On Charles Demuth: Intimate Paintings, But Images Expand

The American painter Charles Demuth (1883-1935) was an artist who took a certain pride-aesthetic pride-in his carefully cultivated limitations. He didn’t hesitate to boast about them, as we know from the wonderful comparison he once made between his own talent and that of his more robust contemporary, John Marin. “John Marin and I drew our inspiration from the same source, French modernism,” Demuth said. “He brought his up in buckets and spilt much along the way. I dipped mine out with a teaspoon but I never spilt a drop.”

The humor, the exactitude, the unembarrassed self-knowledge-everything about that remark reminds me of another self-confessed American aesthete, the poet Wallace Stevens. Artists and writers of this persuasion-Henry James and Marianne Moore belong in the same company-cannot be expected to command the attention of a large public. Their work tends to be a little too special for mainstream taste, and the acclaim they enjoy tends to be posthumous. Yet their achievements are among the finest in American art and literature.

Demuth’s place in this constellation of talents would be more widely recognized if we saw his work more often, but exhibitions of his pictures have been a rarity lately-which is why the exhibition that Thomas S. Holman and Virginia Zabriskie have organized at the Zabriskie Gallery is an event to be cherished. Though it’s a long way from being the full-scale retrospective that’s needed, the show’s 31 items-mostly watercolors and drawings dating from 1907 to 1933-are more than sufficient to remind us of Demuth’s virtues.

Watercolor was his forte, and intimacy of scale his preferred practice. It might be said of him in this respect that he brought Winslow Homer’s outdoor aesthetic indoors, where he could concentrate on his two favorite subjects: bouquets of flowers and groups of figures. Even his beautiful beach scenes, with their scantily clad bathers, are given a party atmosphere. His pictures of actual party scenes are masterpieces of social observation flavored with a sharp edge of wit. One of the best of them in the current show is Barron Wilkins’ Little Savoy (1917), in which dancing couples and seated drinkers fill to overflowing a luminous composition measuring eight by 101¼4 inches.

It’s one of the characteristics of these watercolor compositions, moreover, that within their confined dimensions, every separate element remains distinct in commanding our attention. This is as true of the flowers in the glorious Zinnia Bouquet (1925), with their delicate, variegated reds, as it is of the individual revelers in Barron Wilkins’ Little Savoy . While the physical scale of the pictures remains intimist, the images we carry away in our memory tend to expand, so that it comes as something of a surprise when we return to the pictures and find that they’re as small as they are.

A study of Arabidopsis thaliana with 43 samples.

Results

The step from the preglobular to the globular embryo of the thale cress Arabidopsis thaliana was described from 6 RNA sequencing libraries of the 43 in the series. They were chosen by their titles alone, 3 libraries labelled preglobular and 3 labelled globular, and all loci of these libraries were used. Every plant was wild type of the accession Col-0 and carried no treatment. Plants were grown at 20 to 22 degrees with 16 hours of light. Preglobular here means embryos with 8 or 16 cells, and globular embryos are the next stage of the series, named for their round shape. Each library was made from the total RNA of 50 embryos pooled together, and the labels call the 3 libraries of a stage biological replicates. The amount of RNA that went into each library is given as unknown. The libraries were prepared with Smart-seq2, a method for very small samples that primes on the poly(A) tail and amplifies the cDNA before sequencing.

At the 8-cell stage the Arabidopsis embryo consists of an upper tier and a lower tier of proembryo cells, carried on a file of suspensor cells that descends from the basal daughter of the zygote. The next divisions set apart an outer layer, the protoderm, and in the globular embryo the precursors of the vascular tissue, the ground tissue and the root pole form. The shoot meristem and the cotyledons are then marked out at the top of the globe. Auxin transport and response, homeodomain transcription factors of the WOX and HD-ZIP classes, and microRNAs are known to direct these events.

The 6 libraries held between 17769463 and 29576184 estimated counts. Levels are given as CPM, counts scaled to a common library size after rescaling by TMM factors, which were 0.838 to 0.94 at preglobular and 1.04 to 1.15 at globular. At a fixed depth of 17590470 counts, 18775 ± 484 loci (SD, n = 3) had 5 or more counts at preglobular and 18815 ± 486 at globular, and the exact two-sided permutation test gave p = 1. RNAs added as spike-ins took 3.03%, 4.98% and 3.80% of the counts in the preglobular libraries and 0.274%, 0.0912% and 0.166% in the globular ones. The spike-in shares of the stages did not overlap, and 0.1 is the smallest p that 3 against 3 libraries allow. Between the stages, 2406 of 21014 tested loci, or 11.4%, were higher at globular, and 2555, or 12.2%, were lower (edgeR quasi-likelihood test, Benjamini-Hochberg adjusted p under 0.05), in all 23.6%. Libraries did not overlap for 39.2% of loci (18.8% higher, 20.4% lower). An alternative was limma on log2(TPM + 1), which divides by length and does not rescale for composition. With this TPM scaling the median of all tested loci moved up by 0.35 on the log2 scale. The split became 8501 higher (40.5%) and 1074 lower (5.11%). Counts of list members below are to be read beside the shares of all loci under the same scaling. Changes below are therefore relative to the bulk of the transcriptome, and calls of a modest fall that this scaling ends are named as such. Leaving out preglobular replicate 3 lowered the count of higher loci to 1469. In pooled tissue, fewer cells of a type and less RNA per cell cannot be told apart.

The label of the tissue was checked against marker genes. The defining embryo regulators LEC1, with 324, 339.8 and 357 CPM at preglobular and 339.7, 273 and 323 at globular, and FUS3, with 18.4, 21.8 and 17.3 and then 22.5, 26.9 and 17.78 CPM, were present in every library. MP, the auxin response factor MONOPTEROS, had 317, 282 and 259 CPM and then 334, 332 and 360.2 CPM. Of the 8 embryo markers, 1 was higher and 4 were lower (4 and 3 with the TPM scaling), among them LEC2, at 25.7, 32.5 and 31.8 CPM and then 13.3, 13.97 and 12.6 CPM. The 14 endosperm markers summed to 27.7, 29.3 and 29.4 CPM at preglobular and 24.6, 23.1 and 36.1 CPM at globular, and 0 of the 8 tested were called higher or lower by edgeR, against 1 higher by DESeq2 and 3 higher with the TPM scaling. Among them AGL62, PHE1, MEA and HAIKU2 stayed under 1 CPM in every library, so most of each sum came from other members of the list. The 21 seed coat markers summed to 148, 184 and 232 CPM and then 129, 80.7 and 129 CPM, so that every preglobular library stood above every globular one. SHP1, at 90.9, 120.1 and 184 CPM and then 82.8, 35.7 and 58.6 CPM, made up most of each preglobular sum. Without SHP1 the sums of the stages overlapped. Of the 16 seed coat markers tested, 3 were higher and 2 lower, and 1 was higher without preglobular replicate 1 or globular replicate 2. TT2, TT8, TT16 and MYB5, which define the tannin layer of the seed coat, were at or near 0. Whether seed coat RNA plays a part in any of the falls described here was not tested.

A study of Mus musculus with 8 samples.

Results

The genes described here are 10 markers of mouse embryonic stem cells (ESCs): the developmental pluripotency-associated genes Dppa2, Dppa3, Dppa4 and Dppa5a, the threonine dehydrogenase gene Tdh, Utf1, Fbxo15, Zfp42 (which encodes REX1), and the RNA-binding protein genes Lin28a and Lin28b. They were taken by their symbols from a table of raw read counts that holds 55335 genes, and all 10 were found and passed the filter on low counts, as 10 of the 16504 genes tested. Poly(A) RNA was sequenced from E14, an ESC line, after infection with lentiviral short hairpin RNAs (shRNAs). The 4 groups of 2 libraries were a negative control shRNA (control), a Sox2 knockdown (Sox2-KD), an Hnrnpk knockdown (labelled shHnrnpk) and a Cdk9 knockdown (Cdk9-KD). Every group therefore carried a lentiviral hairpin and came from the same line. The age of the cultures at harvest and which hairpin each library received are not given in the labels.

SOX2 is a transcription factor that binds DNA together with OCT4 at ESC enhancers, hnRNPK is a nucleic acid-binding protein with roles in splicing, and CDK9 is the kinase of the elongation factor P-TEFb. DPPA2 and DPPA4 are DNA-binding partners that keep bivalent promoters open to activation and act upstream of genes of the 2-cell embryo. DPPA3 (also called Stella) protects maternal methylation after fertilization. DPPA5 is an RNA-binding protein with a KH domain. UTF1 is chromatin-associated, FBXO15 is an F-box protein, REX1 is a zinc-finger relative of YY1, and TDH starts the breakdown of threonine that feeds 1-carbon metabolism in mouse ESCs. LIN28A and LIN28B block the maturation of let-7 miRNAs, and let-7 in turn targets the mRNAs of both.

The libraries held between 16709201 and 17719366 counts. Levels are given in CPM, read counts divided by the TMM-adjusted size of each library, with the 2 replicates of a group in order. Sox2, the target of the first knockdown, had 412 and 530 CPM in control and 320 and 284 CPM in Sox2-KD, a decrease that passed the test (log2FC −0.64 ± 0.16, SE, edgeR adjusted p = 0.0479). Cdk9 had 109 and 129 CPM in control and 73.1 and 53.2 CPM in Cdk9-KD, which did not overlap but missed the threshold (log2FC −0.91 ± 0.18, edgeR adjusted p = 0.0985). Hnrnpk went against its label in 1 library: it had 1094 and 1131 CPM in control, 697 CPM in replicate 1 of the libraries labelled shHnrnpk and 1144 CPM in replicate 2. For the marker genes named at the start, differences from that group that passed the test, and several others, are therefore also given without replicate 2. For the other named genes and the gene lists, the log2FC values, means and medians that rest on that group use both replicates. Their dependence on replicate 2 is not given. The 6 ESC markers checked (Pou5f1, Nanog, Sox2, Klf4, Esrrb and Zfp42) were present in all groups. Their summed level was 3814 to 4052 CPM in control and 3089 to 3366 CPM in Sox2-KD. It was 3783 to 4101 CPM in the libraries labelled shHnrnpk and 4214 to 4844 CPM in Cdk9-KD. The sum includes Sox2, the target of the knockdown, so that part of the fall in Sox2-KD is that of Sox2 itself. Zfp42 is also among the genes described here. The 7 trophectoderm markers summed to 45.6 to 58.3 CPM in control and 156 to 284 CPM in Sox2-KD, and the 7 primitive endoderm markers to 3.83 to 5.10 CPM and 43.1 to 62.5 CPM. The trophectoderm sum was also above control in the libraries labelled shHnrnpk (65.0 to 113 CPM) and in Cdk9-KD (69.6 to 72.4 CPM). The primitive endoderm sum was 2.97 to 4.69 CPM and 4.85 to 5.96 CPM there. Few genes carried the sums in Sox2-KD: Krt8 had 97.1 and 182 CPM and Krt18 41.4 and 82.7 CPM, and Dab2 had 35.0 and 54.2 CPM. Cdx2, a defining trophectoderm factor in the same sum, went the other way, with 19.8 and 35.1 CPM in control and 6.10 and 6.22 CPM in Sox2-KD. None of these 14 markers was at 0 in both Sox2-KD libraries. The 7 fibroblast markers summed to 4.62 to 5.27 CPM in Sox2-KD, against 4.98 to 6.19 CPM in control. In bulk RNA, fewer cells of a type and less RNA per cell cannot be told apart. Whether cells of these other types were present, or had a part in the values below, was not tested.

No doubt the modest dimensions that Demuth favored in these pictures owed a great deal to the somewhat reclusive life he was obliged to live for health reasons in the later years of his life. Lame since early childhood and never robust, he suffered from diabetes and produced a good deal of work in his studio bedroom in the family home in Lancaster, Penn. That studio bedroom in the Demuth House is now a public art museum devoted not only to Demuth’s work, but to other 20th-century American modernists as well.

For newcomers to Demuth, it must also be pointed out that the watercolors and drawings in the current show at Zabriskie represent only a part-albeit a major part-of his oeuvre . There are two other aspects of his production that only a comprehensive retrospective could encompass. One would be his literary illustrations, especially his sexually charged drawings of scenes from Henry James’ The Turn of the Screw , which (apart from the genius of the draftsmanship) show us a side of Demuth’s sensibility not apparent in his flower pictures or party scenes-his taste for emotional violence.

The other, more amusing aspect of the Demuth oeuvre that’s absent here are the symbolic portraits he made of his contemporaries. The one that’s best known to New Yorkers is the “portrait” of the poet William Carlos Williams called (after a Williams poem) I Saw the Figure Five in Gold (1928), which is now in the collection of the Metropolitan Museum of Art. Williams is said to have loved it, but Demuth’s less obliging symbolic portrait of Gertrude Stein caused the writer great distress and effectively terminated their friendship.

We really do need a big museum retrospective if Demuth’s achievement is to be fully understood. Meanwhile, the current Demuth show is not to be missed. It remains on view at the Zabriskie Gallery, 41 East 57th Street, through March 6.